Researchers found that the level of anxiety suffered by PTSD patients declined by 57% when using cannabis, while other symptoms were also similarly reduced.
A new study has found that patients suffering from Post-Traumatic Stress Disorder (PTSD) can potentially reduce the severity of their symptoms by more than half using cannabis.
The study was led by an assistant professor of psychology for Washington State University, Carrie Cuttler, and analysed data taken from over 400 patients.
The study suggests that cannabis does reduce symptoms of PTSD acutely, but it might not have longer term beneficial effects on the underlying condition. Working with this model, it seems that cannabis will temporarily mask symptoms, acting as a bit of a band aid, but once the period of intoxication wears off, the symptoms can return. Washington State University Assistant Professor of Psychology, Carrie Cuttler
Cuttler's research team examined changes in patient's PTSD symptoms by making use of Strainprint—and app developed to help users manage their medical cannabis use—over a 31 month period.
During this time the app recorded more than 11,000 data points, which eventually led researchers to conclude that cannabis can indeed reduce the severity of recurring traumatic thoughts by roughly 62%. The study—which was published in the Journal of Affective Disorders—also found that flashbacks, irritability, and anxiety were reduced by 51%, 67%, and 57%, respectively.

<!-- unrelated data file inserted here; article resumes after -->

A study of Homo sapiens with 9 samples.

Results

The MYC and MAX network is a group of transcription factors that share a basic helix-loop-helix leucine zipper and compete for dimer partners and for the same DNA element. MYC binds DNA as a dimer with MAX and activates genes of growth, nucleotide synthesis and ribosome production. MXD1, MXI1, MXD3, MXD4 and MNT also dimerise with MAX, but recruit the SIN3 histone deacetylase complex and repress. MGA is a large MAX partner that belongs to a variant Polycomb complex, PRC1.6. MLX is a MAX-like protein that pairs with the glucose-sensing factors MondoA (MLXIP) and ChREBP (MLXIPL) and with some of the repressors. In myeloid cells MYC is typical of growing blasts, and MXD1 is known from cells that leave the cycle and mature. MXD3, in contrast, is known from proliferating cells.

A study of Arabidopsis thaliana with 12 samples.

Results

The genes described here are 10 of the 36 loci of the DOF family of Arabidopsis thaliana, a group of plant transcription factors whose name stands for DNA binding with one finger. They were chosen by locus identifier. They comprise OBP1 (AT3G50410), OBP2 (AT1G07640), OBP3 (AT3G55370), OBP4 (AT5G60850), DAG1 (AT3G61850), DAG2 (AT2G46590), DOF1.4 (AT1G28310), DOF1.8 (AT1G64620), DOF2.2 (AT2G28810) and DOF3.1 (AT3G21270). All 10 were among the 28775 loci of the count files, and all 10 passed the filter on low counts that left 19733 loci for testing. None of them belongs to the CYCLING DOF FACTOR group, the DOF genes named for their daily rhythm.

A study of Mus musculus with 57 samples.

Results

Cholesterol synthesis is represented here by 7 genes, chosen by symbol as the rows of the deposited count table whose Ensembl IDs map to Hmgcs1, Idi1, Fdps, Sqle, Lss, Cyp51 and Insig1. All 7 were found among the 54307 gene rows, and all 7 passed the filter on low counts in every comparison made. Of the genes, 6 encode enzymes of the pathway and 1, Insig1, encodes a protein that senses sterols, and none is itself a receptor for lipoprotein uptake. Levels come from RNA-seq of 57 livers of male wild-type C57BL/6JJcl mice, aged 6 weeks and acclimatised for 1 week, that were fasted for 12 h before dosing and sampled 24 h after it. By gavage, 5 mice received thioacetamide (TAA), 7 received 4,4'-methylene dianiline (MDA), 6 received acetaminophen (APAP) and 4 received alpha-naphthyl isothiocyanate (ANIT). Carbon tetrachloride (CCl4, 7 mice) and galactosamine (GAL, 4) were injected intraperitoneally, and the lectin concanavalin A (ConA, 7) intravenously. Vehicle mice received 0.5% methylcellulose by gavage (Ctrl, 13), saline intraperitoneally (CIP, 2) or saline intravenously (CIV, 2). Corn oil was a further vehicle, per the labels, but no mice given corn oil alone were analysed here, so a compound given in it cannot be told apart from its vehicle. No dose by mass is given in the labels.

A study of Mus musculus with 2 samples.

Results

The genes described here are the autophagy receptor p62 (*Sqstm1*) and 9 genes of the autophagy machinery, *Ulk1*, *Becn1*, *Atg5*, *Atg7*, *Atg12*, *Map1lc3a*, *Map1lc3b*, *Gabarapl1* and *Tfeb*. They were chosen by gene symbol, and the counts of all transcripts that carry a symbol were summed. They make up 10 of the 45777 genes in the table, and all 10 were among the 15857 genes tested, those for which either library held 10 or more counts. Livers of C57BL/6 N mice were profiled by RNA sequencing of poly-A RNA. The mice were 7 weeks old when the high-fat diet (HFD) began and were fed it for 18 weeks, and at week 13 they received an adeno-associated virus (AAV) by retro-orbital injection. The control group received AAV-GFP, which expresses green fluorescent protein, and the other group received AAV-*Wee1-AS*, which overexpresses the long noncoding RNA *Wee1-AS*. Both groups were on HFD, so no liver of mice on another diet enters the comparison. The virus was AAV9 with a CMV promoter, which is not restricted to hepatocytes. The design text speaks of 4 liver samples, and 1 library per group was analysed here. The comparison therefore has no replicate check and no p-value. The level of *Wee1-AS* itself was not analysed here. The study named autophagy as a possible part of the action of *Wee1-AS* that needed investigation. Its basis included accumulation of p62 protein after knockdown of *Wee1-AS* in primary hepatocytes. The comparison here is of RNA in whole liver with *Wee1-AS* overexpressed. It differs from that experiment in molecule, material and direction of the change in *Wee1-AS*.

"A lot of people with PTSD do seem to turn to cannabis, but the literature on its efficacy for managing symptoms is a little sparse," Cuttler said.
"We need more studies that look at whole plant cannabis because this is what people are using much more than the synthetic cannabinoids. It is difficult to do good placebo-controlled trials with whole plant cannabis, but they're still really needed."
However, the study's focus has also been called into question, as its sample size is limited to patients who self-identify as suffering from PTSD.
The researchers were also unable contrast the level of symptom reduction with those experienced by a placebo control group.
The study also attempted to determine whether THC or CBD was the key factor influencing the therapeutic qualities of cannabis, although it could not identify a meaningful difference between the two molecules' efficacy.
The researchers instead concluded that it must be a combination of CBD and THC—and potentially other compounds in the cannabis plant—that produces the therapeutic effect, which echoes previous research into the infamous "entourage effect".